Capital flows in Latin America: a new phase

BIS Economic Papers No 44
May 1995


The flow of foreign capital into Latin America was interrupted by several periods of severe turbulence during 1994. In some cases, the cause was plainly domestic in origin - the Venezuelan banking crisis is one notable example. In other cases, external factors played an important role, at least in triggering the onset of difficulties. One such external factor was the rise in short-term dollar interest rates in February 1994. This brought a long period of declining rates to an end and contributed to a steep increase in long-term rates. The prices of Latin American bonds were disproportionately hard-hit, and domestic interest rates in many countries had to be increased by much more than US rates.

Mexico - with the area's largest current-account deficit, at some 8% of GDP- was hit by heavy outflows early in 1994, as uncertainties about the domestic political situation worried investors. The Mexican peso came under downward pressure. Interest rates had to be increased; various special measures were adopted to stem outflows and significant foreign official support for the peso was arranged. Although worries about political uncertainties eased during the summer and autumn, short-term interest rates had to be kept high in real terms. Shortly after elections, however, there were renewed outflows of capital: the new government first effectively devalued (20th December) and then floated the exchange rate (22nd December): within ten days, the peso had lost 30% of its value against the US dollar. The Mexican stock market plunged.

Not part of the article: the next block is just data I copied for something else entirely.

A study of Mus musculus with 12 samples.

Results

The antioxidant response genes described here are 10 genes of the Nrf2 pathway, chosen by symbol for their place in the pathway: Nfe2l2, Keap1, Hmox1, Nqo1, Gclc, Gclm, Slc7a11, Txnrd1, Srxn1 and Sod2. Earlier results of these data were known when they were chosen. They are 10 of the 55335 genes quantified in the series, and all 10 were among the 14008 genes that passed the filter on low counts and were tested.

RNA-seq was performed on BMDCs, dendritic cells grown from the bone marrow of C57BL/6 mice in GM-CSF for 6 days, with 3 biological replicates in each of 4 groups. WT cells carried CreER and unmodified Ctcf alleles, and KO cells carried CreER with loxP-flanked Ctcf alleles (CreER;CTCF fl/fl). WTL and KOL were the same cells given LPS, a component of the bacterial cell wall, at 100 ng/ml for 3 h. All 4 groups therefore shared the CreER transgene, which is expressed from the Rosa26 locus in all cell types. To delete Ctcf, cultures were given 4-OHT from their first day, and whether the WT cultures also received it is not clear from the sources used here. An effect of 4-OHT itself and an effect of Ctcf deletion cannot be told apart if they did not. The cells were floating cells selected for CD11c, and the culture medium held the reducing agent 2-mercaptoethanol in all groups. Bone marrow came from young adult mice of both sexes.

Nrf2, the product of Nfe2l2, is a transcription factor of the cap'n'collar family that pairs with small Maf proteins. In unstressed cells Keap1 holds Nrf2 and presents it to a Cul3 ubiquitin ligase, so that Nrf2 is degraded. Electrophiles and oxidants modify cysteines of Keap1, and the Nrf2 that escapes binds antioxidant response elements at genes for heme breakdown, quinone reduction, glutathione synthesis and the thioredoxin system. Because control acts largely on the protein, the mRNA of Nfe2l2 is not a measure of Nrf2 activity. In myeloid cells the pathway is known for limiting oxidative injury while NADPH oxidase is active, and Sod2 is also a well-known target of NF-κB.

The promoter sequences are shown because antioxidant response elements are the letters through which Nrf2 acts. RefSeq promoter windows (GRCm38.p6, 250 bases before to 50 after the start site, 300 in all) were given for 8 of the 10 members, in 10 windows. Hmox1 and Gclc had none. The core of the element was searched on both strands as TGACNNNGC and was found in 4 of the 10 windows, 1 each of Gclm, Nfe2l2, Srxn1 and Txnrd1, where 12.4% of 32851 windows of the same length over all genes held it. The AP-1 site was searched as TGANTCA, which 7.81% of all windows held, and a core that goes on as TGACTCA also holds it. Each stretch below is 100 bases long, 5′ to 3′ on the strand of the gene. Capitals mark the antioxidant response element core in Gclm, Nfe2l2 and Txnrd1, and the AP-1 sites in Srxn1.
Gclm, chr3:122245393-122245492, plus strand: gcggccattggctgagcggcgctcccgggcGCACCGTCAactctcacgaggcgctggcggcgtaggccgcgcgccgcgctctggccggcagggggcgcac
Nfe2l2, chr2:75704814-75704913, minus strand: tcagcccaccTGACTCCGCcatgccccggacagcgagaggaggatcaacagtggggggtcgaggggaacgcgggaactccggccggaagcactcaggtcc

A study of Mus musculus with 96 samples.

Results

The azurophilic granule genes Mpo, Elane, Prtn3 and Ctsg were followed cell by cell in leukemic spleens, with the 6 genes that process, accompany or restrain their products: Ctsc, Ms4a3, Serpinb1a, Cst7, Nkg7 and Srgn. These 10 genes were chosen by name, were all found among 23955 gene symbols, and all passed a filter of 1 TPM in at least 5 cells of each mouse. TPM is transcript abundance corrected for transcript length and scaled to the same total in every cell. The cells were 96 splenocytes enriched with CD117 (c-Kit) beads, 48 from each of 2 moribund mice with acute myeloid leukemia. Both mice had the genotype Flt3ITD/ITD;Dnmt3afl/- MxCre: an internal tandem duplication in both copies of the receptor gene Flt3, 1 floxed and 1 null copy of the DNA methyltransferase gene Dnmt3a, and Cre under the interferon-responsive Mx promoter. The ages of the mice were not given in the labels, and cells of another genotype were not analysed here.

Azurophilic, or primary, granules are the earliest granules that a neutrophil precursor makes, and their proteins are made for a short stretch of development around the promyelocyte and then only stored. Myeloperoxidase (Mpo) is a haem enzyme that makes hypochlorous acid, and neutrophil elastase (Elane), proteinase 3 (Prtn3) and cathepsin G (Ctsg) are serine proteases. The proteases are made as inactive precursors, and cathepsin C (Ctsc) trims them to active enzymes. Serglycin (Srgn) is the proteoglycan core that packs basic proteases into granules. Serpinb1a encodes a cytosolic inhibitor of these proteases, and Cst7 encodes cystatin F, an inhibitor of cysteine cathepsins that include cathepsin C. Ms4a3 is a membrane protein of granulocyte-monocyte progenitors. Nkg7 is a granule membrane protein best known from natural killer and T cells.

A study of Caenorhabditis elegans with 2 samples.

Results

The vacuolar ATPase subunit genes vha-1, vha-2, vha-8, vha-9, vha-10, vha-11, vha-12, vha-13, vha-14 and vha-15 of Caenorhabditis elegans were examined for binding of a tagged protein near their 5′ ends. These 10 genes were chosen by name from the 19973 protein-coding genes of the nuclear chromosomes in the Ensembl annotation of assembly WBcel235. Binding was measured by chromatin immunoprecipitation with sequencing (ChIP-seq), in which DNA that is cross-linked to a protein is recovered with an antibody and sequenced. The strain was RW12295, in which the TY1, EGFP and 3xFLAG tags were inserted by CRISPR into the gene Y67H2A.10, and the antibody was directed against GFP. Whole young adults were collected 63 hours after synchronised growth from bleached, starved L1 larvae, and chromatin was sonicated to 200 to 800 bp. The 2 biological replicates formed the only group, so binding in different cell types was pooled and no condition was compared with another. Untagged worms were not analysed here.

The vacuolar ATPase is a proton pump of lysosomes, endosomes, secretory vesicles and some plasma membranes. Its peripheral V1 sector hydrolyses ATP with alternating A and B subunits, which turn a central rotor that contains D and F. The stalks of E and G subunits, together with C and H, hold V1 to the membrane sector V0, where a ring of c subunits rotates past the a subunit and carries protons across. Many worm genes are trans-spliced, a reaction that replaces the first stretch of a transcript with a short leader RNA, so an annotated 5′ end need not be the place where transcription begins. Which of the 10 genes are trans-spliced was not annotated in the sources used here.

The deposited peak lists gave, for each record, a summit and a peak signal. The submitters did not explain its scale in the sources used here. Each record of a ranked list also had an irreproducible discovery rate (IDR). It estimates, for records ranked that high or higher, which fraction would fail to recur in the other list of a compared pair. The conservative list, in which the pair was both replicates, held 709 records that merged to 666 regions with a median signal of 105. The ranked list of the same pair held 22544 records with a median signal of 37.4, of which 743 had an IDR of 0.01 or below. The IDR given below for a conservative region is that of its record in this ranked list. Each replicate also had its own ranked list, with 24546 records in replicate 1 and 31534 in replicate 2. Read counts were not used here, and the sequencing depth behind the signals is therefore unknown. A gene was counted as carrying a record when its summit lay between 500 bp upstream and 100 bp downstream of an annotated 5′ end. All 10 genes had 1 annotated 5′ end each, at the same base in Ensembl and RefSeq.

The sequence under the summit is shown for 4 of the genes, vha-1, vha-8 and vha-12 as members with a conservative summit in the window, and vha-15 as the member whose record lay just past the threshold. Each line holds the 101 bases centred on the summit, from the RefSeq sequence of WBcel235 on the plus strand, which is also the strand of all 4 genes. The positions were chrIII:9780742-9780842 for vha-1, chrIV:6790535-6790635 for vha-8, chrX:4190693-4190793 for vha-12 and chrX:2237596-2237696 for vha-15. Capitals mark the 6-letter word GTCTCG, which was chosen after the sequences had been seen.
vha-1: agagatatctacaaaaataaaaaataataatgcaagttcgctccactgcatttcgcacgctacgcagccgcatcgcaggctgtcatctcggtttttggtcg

The reverberations of the Mexican financial crisis were felt throughout Latin America as foreign investors took a much harder look at their Latin American exposure. Equity markets fell across-the-board. Argentina increased interest rates sharply to contain the initial reaction in financial markets and to maintain its fixed exchange rate against the dollar. The emergence of substantial outflows during 1994 brings into sharper focus some of the issues raised by the recent influx of foreign capital into the region. Two matters are of potential concern. The short-term issue relates to the threat to macroeconomic stability of a sudden reversal of foreign capital flows. How should monetary policy react? Allow the exchange rate to drop (running the risk of triggering an inflation spiral and undermining the credibility of policy) or increase interest rates (depressing the domestic economy, damaging the banking sector and increasing the government's debt burden)? The medium-term question concerns the impact on growth and development prospects of a reduced level of foreign capital inflow, or even an outflow. Two key elements of this question relate to the productivity of real investment and to the rate of domestic saving.

This paper looks at these issues and considers some general policy issues that arise. The emphasis is on general, and not on the specific factors that have often played a part in individual countries. Particular prominence is given to comparisons between Asia and Latin America as these serve to highlight a number of key Latin American policy issues.